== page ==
If you have shopped recently for a cordless telephone, you may have noticed that some makers now offer “scrambling conversation protection.” On some of the boxes, you can see “spread spectrum” touted as a method of securing signals to assure that others cannot listen in on your conversations.
Chances are, few consumers have heard of spread spectrum; much less do they understand what it means. Perhaps in a few years, however, as yet another complex communication technology becomes commonplace, the phrase will roll off our tongues, whether we understand it or not, as we make decisions about buying telephones and cellular telephone services.
Radio signals travel through the ether with no protective escort. Receiving them without an invitation, as spies or even neighborhood eavesdroppers might, or disrupting them, as military foes try, were both pretty easy tasks at one time. An early success at selective jamming of radio signals impacted the 1944 Battle of the Bulge. American B-24 airplanes flew over the battle area carrying the high-powered radio jammer Jackal (officially named AN/ART-3) for the first time. Radio signals transmitted on AM (amplitude modulation) frequencies successfully jammed German radio communications while not interfering with overlapping FM (frequency modulation) signals from American transmitters. Despite this dramatic success, radio jamming and protecting technologies received less attention generally during World War II than did enemies’ attempts to listen into each others’ messages.
The Cold War, though, drove U.S. efforts toward gaining control over who could block whose messages. Jamming the signals directing radio-guided enemy missiles loomed large as a newly important problem. Conversely, learning how to prevent the jamming of “friendly” signals, such as Radio Free Europe broadcasts and one’s own missiles’ guidance signals, presented another serious problem. The Allies’ perceived need for jam-proof communications heightened in 1949, when the Soviet Union detonated its first nuclear bomb, and again later, when civil war exploded in Korea.
Although the origins of spread spectrum techniques can be traced in one form or another back to the 1920s, a key document that highlights the post-World War II roots of spread spectrum techniques is the Project Hartwell report. Project Hartwell was one of a series of secret studies conducted at the Massachusetts Institute of Technology (MIT) in 1950 on behalf of the armed forces. MIT’s Research Laboratory of Electronics (RLE) was a major research facility which conducted top-notch secret work in support of the Korean War, including securing communications. A joint laboratory of the MIT Physics and Electrical Engineering Departments, the RLE continued much of the fundamental electronic research of MIT’s World War II-era Radiation Laboratory. The Signal Corps, the Air Force, and the Office of Naval Research jointly funded the new laboratory, with the Signal Corps overseeing the arrangement. Former Radiation Laboratory employees filled research positions at the RLE, which occupied the top floor of a temporary structure on the MIT campus, known as Building 22, erected earlier for the Radiation Laboratory.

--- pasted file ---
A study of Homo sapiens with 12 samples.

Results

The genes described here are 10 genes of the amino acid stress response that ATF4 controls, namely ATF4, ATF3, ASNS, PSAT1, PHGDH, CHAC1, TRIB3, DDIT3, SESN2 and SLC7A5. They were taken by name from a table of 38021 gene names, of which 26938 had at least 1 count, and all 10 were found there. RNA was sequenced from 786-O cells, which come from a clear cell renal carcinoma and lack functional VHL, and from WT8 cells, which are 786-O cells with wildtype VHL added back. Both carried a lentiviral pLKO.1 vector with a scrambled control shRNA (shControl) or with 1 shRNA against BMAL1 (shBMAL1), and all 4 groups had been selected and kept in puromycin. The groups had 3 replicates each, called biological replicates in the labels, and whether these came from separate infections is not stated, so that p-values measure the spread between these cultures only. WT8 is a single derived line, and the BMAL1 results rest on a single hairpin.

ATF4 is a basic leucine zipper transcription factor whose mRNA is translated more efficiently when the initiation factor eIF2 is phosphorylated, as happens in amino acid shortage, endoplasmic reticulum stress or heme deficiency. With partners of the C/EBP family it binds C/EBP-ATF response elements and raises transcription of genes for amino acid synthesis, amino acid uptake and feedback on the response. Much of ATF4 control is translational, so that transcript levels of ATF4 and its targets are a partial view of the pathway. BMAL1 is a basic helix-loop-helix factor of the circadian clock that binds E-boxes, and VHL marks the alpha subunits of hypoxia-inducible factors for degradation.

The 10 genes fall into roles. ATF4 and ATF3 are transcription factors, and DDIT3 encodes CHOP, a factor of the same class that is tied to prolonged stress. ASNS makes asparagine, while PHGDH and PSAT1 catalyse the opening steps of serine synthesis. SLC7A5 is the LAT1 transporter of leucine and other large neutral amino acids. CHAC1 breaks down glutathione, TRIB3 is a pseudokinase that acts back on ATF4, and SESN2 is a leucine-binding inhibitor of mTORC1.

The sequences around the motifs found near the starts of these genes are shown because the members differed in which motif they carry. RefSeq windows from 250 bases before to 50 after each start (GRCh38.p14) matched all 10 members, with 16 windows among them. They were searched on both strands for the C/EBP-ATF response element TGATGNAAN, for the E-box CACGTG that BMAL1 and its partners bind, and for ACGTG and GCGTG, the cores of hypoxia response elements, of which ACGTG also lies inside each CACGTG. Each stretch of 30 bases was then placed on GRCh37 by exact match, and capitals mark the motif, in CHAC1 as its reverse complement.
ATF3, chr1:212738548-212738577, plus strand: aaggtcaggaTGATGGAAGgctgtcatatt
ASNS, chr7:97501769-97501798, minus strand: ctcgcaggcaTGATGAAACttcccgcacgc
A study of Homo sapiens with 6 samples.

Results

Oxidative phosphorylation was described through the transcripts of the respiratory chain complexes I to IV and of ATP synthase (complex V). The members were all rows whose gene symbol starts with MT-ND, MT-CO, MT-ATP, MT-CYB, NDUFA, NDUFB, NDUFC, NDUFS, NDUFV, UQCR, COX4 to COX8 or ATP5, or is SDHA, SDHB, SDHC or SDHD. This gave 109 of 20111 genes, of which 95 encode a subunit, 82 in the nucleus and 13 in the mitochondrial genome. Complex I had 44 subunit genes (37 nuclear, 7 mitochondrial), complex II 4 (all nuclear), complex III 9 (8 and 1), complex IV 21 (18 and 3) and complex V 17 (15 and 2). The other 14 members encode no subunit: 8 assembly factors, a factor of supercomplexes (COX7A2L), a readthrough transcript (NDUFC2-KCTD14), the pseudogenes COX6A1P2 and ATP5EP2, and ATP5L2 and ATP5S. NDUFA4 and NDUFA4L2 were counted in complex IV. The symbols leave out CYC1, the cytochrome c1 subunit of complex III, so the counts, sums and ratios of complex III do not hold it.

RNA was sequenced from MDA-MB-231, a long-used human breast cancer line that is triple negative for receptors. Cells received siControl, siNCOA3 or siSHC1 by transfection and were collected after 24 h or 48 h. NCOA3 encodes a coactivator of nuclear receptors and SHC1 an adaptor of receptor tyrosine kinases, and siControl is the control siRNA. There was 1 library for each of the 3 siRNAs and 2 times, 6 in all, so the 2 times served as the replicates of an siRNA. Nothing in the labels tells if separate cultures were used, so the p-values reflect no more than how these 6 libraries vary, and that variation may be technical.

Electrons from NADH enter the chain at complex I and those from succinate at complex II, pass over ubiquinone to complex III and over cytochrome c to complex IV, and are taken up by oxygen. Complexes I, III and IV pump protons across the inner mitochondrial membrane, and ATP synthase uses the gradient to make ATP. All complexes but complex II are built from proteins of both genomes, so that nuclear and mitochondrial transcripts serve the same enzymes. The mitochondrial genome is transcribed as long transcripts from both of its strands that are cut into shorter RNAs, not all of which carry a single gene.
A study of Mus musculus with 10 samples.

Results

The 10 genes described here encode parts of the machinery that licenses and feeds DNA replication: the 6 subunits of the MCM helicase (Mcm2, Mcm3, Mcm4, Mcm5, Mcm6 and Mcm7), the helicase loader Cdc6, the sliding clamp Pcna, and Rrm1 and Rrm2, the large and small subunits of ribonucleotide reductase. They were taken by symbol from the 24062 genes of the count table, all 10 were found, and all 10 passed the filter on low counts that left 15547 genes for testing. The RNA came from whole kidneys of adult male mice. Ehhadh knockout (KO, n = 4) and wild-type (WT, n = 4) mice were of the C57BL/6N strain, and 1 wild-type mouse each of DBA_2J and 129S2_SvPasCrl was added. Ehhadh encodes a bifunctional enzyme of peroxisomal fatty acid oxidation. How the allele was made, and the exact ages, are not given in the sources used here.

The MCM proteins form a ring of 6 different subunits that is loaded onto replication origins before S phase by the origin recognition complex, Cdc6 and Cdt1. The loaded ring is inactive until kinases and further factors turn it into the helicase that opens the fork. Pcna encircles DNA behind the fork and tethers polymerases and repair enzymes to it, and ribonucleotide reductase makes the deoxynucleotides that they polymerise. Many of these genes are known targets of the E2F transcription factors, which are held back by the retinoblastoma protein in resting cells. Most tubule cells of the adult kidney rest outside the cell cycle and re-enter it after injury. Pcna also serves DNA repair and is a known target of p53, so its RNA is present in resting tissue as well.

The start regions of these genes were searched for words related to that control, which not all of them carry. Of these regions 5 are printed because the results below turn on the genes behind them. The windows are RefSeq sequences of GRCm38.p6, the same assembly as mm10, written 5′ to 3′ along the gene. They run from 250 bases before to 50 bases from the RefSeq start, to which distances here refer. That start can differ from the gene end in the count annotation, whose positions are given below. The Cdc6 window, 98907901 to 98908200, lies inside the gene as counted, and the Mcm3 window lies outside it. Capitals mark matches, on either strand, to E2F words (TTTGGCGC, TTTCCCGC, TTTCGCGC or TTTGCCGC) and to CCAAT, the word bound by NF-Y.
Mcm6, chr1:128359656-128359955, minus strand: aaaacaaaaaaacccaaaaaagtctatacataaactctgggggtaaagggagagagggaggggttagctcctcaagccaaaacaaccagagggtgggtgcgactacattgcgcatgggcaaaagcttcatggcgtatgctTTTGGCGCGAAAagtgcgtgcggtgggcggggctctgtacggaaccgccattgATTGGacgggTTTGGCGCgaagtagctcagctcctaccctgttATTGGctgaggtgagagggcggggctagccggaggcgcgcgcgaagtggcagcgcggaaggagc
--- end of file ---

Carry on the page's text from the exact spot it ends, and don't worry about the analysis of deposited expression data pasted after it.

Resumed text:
Appendix G to the Project Hartwell report laid out several methods for securing radio communications including two important, then new, telecommunications advances: transmitted-reference (TR) spread spectrum, and code-division multiple-access (CDMA). Four principal contributors provided the material for Appendix G, including Harald T. Friis and Ralph K. Potter, who were researchers in antennas and information transmission systems, respectively, at Bell Telephone Laboratories. Potter had been a prime innovator of the remarkably successful and sophisticated ultra-secret “X System,” dubbed by its sponsor, the Army Signal Corps, “Sigsaly.” The other two principal contributors to Appendix G, Jerome Wiesner and Edward E. David, were later appointed Science Advisers to Presidents Kennedy and Nixon, respectively.
Transmitted-reference (TR) spread spectrum and code-division multiple-access (CDMA) were both introduced in Appendix G, but the document left both unattributed. A good bit of speculation and effort has sought to attribute these innovations to MIT physics professor Jerome Wiesner. Unfortunately, Wiesner’s own secret laboratory notebooks were lost or stolen around the time he became President Kennedy’s Special Assistant for Science and Technology. Many sources concur that such credit is most likely due Wiesner, but a definitive determination to that effect is yet to be made. Other participants included Yuk Wing Lee, Robert Fano, and Wilber Davenport. The latter directed the doctoral dissertation of yet another participant in the research, Robert Price, who was not only a student employee of the RLE, but who also had an Industrial Fellowship in Electronics from Sperry. Price has continued to contribute significantly to both creating and writing the history of communications technologies; regarding the latter, he has recently completed a book-length manuscript on the World War II overseas superscrambler, Sigsaly.
So, the next time you look at a cordless telephone and see “spread spectrum” promoted as a method of securing your phone calls, remember this as the communications technology that came in (to your home) from the Cold War.